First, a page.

How to Facilitate a Virtual Play Date
Guest Authored By Leah R, MSW, LCSW
Illinois’ recent shelter in place policy has us all missing our friends and connecting with others. Kids may not be able to play at the park or participate in their normal play dates, but that doesn’t mean they can’t be social while social distancing! Many parents are working from home and found creative ways to use technology to continue to attend meetings, meet with clients, and carry out all our “office” responsibilities at home. Why not incorporate some of these new and creative communication apps with our kids?! This blog gives tips and ideas for activities to help facilitate a successful virtual play date.
Lets talk about virtual play dates and the benefits of them. One of the most important and helpful things parents can do for their child with Autism is to give them plenty of opportunities to interact socially with others.
Skype, Zoom, and Google Hangout are all great (and free!) options to facilitate play dates for your kids. They’ll enjoy getting to virtually see their friends and the chance to show friends what their homes look like. These video calls can be a great way for your child to build connections with classmates and peers. Try giving a friend a virtual tour of your home, have your son/daughter show their friends their most favorite toy, engage in pretend play, or even take a walk “together” via FaceTime.
A few additional helpful hints:
- Choose a familiar peer that is your child’s age or slightly older.
- Consider your environment
- Be mindful of the room you are in. If you are in your child’s playroom, his friend may be distracted with all the novel toys he sees in the background. It may be helpful to limit the amount of toys or plan a specific activity so the children do not become overwhelmed or have difficulty with play ideas.
- Remember to incorporate social skills!
- During a designated activity you can prompt your kiddo with conversation starters, reminders to take turns, etc.
- Use Visual Schedules
- If your child typically works with a visual play schedule, you should use this during the play date. Your child’s visual schedule is associated with “game time”, following the rules, taking turns, using certain phrases or signs, and many other positive behaviors. In effect, the schedule is a cue to your child to demonstrate these adaptive play skills. Using this schedule will help your child generalize these positive behaviors to new situations and new friends.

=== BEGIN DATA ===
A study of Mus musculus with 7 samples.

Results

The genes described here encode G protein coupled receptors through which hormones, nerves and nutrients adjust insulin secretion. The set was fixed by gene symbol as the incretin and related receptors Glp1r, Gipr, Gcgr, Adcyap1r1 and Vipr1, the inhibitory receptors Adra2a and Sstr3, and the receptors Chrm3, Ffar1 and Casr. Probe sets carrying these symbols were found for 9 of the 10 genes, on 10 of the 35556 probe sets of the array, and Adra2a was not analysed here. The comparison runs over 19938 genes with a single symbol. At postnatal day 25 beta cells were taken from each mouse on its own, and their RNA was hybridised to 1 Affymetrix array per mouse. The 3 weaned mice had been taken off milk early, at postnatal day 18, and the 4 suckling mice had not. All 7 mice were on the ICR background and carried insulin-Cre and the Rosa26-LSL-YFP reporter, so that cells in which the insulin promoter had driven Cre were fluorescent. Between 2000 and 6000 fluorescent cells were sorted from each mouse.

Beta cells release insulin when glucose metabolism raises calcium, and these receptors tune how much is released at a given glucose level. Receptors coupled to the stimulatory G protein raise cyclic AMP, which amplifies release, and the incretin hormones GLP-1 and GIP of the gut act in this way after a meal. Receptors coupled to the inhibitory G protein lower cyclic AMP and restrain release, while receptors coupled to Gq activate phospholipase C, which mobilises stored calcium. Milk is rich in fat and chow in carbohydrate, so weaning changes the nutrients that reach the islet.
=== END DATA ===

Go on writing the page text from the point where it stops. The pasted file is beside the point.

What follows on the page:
- Different children will need different levels of facilitation during play dates. This will depend on their ages, levels of functioning, social skills, and language skills.
- Video play dates will take some getting use to and may be shorter than traditional play dates. That’s okay! Any socialization during this time is beneficial!
Along with traditional video conferencing platforms there are some kid-specific apps you can download to help facilitate virtual play dates. Caribu, Messenger Kids, Marco Polo, and Netflix Party go beyond Skype and FaceTime calls. Note these apps are geared towards older kids. Below are brief descriptions of each app.
Caribu: This video-calling app is currently free and kids can read books from the 1,000-plus titles together, play games and color during a video call. “Everything we do is about creating more meaningful connections, and that’s what we think is most important right now — keeping families connected in the most engaging way. We’re like Zoom for kids!” says Caribu CEO and Co-Founder Max Tuchman.
Messenger Kids: This app allows kids 6-12 to video chat and message friends and family, with challenges, drawings and filters. Plus, they can use it to collaborate on homework with a study group or talk about group projects.
Marco Polo: Just like the game Marco Polo, with your kids calling out Marco to see who will answer “Polo,” kids can reach out to friends and family with this video chat app easily. It’s nice because you can chat and play live in a group or, if the person you are connecting with isn’t available, the app records the message for them to view later.
Simon Says: This is a fun game to work on imitation, attention and listening skills. Don’t forget, you are out if you do the action of the person who is “it” and they don’t say “Simon Says”
Netflix Party: Great for older kids! They can watch their favorite shows and movies with their friends.